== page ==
On Passover, do you prepare matzah balls from scratch with plenty of chicken fat (hand shaped with lumps and bumps)? Do you make gefilte fish from pike, white fish and carp (ground by hand in your grandma’s hand-cranked grinding machine)? Does your horseradish (grated from a horseradish root) offer the sinuses of your guests instant relief (which causes their eyes and noses to tear and drip onto a new outfit that was saved for this occasion)? Are you guaranteeing your guests indigestion (brought on from eating too much of your homemade chopped liver, which is held together with lots of schmaltz (chicken fat), onions and chopped eggs)? Do you only serve matzah made by rabbis in a glatt kosher bakery (which is very thin with uneven edges)? Is the chicken soup filled with vegetables (with not a globule of fat floating on the surface)?
If you answered yes to the questions above, you are probably from another generation, a real balabusta—a great homemaker. Some younger mavens of perfection might have also answered yes, but they are rare.
Seated at your Passover table on a throne-like chair raised with pillows is the elder Seder macher (the expert who leads the service). He doesn’t miss a word of the Haggadah (the book of readings for the service). His body lists to the left as he speaks in a sonorous voice. He is tired—the service is long.
The afikomen (a piece broken from the middle of the three matzoth during the Seder that is set aside to be eaten at the end of the meal) is placed between a folded napkin. It is hidden in an obscure place; the children will search for it later. The winner of this frenzied hunt is rewarded with gelt (money). The exhausting search makes a strong statement that life is not easy: Let the kids work for the reward. Then, the afikomen is returned to the table so the seder can conclude.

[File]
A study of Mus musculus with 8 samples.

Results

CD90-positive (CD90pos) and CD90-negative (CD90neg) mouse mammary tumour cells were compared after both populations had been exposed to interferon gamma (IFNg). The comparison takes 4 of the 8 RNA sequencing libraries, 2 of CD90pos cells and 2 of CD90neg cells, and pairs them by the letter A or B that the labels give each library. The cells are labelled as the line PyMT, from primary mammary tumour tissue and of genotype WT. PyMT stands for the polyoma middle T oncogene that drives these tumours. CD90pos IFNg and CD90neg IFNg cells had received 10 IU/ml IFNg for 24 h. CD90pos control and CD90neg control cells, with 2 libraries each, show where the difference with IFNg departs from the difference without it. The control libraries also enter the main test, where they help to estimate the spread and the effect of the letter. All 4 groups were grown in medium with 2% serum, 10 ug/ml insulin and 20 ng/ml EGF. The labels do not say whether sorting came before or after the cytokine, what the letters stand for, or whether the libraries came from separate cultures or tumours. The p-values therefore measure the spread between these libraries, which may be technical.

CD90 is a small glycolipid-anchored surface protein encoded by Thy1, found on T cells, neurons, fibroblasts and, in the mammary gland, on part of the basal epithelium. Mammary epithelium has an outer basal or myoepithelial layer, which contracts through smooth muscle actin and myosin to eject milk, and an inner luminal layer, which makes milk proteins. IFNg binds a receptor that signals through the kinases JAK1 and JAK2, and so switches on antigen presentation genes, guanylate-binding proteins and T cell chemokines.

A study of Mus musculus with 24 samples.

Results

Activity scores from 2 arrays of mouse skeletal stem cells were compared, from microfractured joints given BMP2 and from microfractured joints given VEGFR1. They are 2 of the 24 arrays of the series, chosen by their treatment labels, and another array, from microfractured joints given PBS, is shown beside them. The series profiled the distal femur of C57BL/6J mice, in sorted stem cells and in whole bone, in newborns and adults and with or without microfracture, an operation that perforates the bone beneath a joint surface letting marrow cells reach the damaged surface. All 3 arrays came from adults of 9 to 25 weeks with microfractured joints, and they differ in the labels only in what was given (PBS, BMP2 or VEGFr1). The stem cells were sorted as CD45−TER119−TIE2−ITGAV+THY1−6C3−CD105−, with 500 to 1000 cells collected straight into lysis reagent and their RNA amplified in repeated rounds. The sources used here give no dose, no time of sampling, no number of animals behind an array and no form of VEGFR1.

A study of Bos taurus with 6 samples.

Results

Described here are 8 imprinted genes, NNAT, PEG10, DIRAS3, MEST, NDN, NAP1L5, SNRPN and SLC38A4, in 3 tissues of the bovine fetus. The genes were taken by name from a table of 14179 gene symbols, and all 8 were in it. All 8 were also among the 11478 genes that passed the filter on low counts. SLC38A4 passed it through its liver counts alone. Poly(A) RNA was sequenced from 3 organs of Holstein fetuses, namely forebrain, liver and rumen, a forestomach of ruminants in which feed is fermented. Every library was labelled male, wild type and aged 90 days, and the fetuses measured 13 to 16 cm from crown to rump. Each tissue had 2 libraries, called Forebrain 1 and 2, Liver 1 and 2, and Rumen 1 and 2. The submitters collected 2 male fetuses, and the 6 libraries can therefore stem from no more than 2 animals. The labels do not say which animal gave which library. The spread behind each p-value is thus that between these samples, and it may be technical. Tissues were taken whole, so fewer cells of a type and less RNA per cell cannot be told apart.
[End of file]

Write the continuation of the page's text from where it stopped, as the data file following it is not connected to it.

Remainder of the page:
The guests can not get up from the table after all is said and done; they are captive in a maze of mismatched tables and chairs, pushed together to accommodate every member of the family from far and wide. When the Seder is over and the guests are extricated, there is a checkpoint at the door. If trousers are not unbuttoned at the top and elastic-waist pants are not pulled to the point of bursting, you can not leave. If the driver’s belly will be pushing against the steering wheel, the exit is validated. One more macaroon or grape will get you a passport to exit the front door.
Another Passover is here and gone. Sadly, the balabustas may not be here next year—they might move to Florida. Their successors will undoubtedly cheat with boxed matzah and store-bought matzah ball mix. There won’t be schmaltz in anything, since many are on diets and declare that chicken fat is unhealthy. Jarred gefilte fish doesn’t compare to homemade, but it will have to do. Sweet kosher wine will be replaced with the latest wine club selection. The new-wave cooks need not face the disapproval of the balabusta brigade, who are doing their own thing, wherever they are.
The only fly in the ointment is dessert—flourless cakes and spongecake made with ersatz (imitation) ingredients and macaroons hardened from sitting out for too long. But the guests are not upset; they’re stuffed and can’t move. The kids are the only ones disappointed—nuts and dried fruits don’t do it for them—until they spot the chocolate-covered macaroons.
We will miss the old guard, but not the bloating and belching.